Diocesan priests are considered to be employees and are responsible for providing for their own retirement, just like anyone who works at a job where there is no pension plan (like my place of employment).
In Canada, diocesan priests are paid a salary and pay into the Canada Pension Plan (that’s not optional for anyone and is a percentage of your income). Granted, since they are not paid very much they don’t pay much in – but the salary varies by diocese. I’m pretty sure a priest in outport Newfoundland and Labrador is not paid the same salary as a priest in Toronto.
I’m not an expert on all dioceses but I know that priests in my diocese are also encouraged to pay into a Registered Retirement Savings Plan (similar to a 401K, I think) and the diocese will collect the money and do that for the them.
If they’re smart, while they are young they’ll also get health insurance that will pay for medication & eyeglasses and unforeseen medical expenses such as physio-therapy. Regular visits to the doctor or hospital admissions are covered by our universal health care program.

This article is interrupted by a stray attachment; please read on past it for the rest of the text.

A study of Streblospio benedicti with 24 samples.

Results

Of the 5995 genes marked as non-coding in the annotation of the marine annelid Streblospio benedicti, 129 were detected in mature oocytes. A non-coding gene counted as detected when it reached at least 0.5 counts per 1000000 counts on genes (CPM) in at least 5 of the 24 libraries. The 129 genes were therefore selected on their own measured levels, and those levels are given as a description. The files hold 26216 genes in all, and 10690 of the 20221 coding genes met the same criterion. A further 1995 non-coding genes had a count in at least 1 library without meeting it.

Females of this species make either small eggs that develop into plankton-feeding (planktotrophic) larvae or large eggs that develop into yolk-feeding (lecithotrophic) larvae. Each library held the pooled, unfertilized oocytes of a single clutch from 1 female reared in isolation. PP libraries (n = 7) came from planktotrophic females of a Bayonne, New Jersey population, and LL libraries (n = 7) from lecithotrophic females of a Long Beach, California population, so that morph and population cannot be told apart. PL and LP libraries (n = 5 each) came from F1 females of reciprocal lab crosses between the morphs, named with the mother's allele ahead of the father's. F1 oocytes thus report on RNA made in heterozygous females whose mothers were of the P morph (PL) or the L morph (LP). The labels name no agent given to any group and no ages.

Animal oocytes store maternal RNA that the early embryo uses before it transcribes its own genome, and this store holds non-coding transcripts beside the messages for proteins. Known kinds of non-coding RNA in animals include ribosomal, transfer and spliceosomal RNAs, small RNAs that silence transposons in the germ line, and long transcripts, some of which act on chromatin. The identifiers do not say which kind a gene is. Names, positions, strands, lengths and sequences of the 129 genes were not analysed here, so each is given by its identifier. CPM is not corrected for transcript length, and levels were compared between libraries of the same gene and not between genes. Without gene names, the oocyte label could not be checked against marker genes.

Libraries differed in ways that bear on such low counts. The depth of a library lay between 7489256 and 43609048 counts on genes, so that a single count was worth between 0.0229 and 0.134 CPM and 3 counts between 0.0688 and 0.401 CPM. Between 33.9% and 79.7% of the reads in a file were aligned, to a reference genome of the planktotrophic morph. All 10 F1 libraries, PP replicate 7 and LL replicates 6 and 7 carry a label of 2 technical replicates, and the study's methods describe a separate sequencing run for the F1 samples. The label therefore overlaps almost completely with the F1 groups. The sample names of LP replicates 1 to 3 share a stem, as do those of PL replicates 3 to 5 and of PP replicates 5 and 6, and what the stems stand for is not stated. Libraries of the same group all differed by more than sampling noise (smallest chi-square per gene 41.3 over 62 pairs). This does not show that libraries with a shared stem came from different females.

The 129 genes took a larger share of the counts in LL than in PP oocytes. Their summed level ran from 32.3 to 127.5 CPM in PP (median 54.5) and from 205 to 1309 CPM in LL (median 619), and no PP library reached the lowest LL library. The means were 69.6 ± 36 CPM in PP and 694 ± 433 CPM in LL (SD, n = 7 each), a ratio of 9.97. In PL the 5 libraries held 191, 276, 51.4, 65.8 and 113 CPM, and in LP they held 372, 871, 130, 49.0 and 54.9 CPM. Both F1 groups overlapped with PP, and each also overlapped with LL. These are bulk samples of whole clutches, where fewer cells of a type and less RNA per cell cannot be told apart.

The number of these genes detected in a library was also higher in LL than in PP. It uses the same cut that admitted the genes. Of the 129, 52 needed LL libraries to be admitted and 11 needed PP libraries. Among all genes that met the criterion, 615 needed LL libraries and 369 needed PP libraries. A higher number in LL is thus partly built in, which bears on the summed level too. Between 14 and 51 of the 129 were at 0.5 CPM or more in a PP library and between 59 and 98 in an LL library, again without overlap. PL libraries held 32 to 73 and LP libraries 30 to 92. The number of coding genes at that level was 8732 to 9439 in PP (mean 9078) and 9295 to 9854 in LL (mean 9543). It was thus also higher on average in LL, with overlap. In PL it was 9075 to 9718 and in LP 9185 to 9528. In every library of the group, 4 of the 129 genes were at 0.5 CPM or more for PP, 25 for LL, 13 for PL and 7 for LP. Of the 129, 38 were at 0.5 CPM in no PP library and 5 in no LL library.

Upon retirement they would collect CPP, Old Age Security, the returns on their own private plan and, depending on how much that totals, they might also collect the Guaranteed Income Supplement.
That’s not going to allow them to live in luxury, but it’s no different from someone who’s lived hand to mouth all his life at minimum wage jobs.
My diocese also has the “Shepherd’s Fund”, money which is collected from parishioners and invested to provide priests with money they many need for emergencies.
Most retired priests offer their services to celebrate Mass in parishes where a pastor wants to go on holiday or on retreat and they will often celebrate Mass for groups having special celebrations (one did that for us when we had our family reunion.)
Religious priests, of course, are cared for by their order/congregation. They would receive the Old Age Security but that would most likely be turned over to their bursar and they would be given an allowance.